Rebuilding The Future: How BioWare Can Bounce Back
Most recently, as the company reels from one of the biggest backlashes in gaming history, several high ranking staffers have quit, including studio founders Ray Muzyka and Greg Zeschuk, exits that look a lot like people fleeing a burning building. After a couple of years like that, it’s understandable if people think the company is at the top of a long slope, poised to begin a painful descent. But it doesn’t have to turn out like that. Despite a couple years’ worth of missteps and miscalculations, the company that made Mass Effect 3 and Dragon Age 2 is still also the company that made Mass Effect and Dragon Age: Origins. We’d like it to stay that way.
Though we don’t normally indulge in outright industry analysis, we spend a lot of time here at Game Front discussing BioWare’s trials and tribulations. With that record – and yes, that caveat – in mind, we’ve taken a deep look into the current state of BioWare, with an eye on how they can bounce back from a rough patch that has other developers proclaiming that ‘there but for the grace of god…’ and all that. It won’t be easy to do, and it’s going to require a huge right turn from where economic and creative inertia is currently pushing them, but BioWare can bounce back. And we think we know how.
Step One: Return To Your Roots
When Greg Zeschuk and Ray Muzyka announced their departure from the company they founded, my first thought was that we could go ahead and write BioWare off. It was becoming, I said at the time, just another brand name, something parent company EA will slap on certain games to class them up a bit, regardless of (and especially without) merit. For this reason alone, before BioWare does anything else, it must work diligently to reassure gamers and the industry alike that the name still means something by returning to its roots.
This means disassociating BioWare from Electronic Arts’ role playing ‘division’. In early 2010, EA renamed that Division the ‘BioWare Division’; at the time, the idea seemed to be that BioWare would now be spearheading the mass production of high quality RPG games, the sort that built their stellar reputation. EA, for its part, seemed intent on becoming known for having made the proliferation of the BioWare-Style RPG genre possible. Instead, the opposite has happened. Though some signs were evident in the years after EA first acquired them, BioWare’s output since the official christening of the BioWare Division has been defined by two things: the watering down of elements native to the BioWare RPG; and the proliferation of the name itself, rather than what that name means.
While BioWare Montreal and BioWare Austin were created prior to the EA acquisition, their fullest fruition as developers within the BioWare family occurred in the years after. Both studios were at least founded specifically by BioWare, but since the creation of the BioWare Group, Electronic Arts has renamed Mythic Entertainment as ‘BioWare Mythic’, and Victory Games as ‘BioWare Victory’. The problem is that both studios are working on projects with potentially disastrous consequences for their namesake. Mythic is currently working on Warhammer Online: Wrath of Heroes, an MMORPG largely centered around PVP arenas. Meanwhile, BioWare Victory is currently working on the upcoming Command & Conquer, a multiplayer only, free to play facsimile of the venerable series.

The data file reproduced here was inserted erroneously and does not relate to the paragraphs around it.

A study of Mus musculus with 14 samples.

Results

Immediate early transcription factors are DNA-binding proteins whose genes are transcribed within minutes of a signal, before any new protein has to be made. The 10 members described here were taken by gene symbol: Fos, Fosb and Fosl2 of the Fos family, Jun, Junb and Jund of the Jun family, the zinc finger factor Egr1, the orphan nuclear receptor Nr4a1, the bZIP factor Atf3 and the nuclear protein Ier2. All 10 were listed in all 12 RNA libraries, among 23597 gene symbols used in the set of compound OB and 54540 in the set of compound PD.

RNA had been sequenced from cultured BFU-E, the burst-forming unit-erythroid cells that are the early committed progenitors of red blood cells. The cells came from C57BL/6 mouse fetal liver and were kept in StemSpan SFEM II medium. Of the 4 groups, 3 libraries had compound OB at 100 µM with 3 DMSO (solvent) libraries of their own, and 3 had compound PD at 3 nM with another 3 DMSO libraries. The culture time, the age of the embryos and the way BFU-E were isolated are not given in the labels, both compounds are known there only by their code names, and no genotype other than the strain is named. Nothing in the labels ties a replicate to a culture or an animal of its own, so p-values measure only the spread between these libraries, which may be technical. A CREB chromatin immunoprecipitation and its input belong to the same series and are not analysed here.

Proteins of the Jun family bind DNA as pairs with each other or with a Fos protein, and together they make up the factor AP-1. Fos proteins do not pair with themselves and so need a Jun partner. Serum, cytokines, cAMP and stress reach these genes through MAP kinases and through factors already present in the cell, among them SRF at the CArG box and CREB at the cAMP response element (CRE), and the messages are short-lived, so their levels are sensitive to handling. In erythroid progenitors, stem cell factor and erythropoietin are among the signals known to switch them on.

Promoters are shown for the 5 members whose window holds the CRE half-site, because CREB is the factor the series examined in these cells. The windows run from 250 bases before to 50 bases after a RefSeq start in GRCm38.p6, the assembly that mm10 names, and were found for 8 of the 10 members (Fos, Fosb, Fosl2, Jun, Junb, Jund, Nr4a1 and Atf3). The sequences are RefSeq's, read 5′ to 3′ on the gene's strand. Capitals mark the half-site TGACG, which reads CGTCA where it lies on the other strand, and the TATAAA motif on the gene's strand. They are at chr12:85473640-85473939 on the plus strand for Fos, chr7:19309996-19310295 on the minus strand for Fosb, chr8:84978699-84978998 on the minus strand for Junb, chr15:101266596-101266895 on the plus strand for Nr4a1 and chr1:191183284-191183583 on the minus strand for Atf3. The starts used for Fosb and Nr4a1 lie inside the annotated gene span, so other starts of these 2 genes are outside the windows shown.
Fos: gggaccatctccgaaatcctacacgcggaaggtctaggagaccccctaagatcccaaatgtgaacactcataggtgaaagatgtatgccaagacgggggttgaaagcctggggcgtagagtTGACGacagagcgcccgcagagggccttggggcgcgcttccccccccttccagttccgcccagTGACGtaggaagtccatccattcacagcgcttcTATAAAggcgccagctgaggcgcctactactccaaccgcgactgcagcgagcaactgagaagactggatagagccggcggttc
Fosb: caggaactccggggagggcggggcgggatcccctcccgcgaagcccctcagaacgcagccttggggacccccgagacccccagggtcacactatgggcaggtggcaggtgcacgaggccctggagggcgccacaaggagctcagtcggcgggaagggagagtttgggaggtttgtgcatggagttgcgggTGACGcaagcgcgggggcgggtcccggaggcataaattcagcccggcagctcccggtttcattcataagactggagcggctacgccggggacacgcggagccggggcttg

To put it mildly, the fact that Command & Conquer wasn’t orginally intended to have a single player option (and make no mistake, it might never have one) has not been well received. And the prospects for a Warhammer MMO are not great, particularly in light of how THQ’s attempt to make one ended up. We won’t know for certain until release, but there is a strong possibility both games will flop, and and if they do, no one is going to remember that the studios involved were only renamed BioWare to comply with EA’s branding designs. What they’ll remember is that BioWare had two bonafide failures on top of a two-year stretch of missteps, and it’ll be seen as proof that the once great studio has lost its golden touch forever. And as for the fans who are aware of the process by which these studios became part of BioWare? They’ll still be annoyed by the way BioWare seemed to have no problem soiling its name.
Luckily, there’s an easy way to avoid this fate: ditch the franchise operations. Just restore Mythic and Victory to their original names and let the games they’re working on succeed or fail on their own. It might be hard to see shrinking on such a scale as a canny move, but BioWare’s primary operations are still based in Edmonton (with Austin heading up SWTOR, and Montreal handling support duties). Making that fact official will help reassure fans that the company is once again committed to doing what it did best, and in the places at which said best was done.
Now, as for EA? I get it: In creating the BioWare Division, you were going after your own version of the old Nintendo Seal Of Approval. So why not come up with something that still suggests an approved family of titles without forcing your most prestigious acquisition to soak up the stench of barely-associated missteps? BioWare’s Renegade/Paragon system is an important innovation, so why not just use one of them to name your RPG division. Doesn’t EA Renegade has a nice ring to it? See, Problem solved.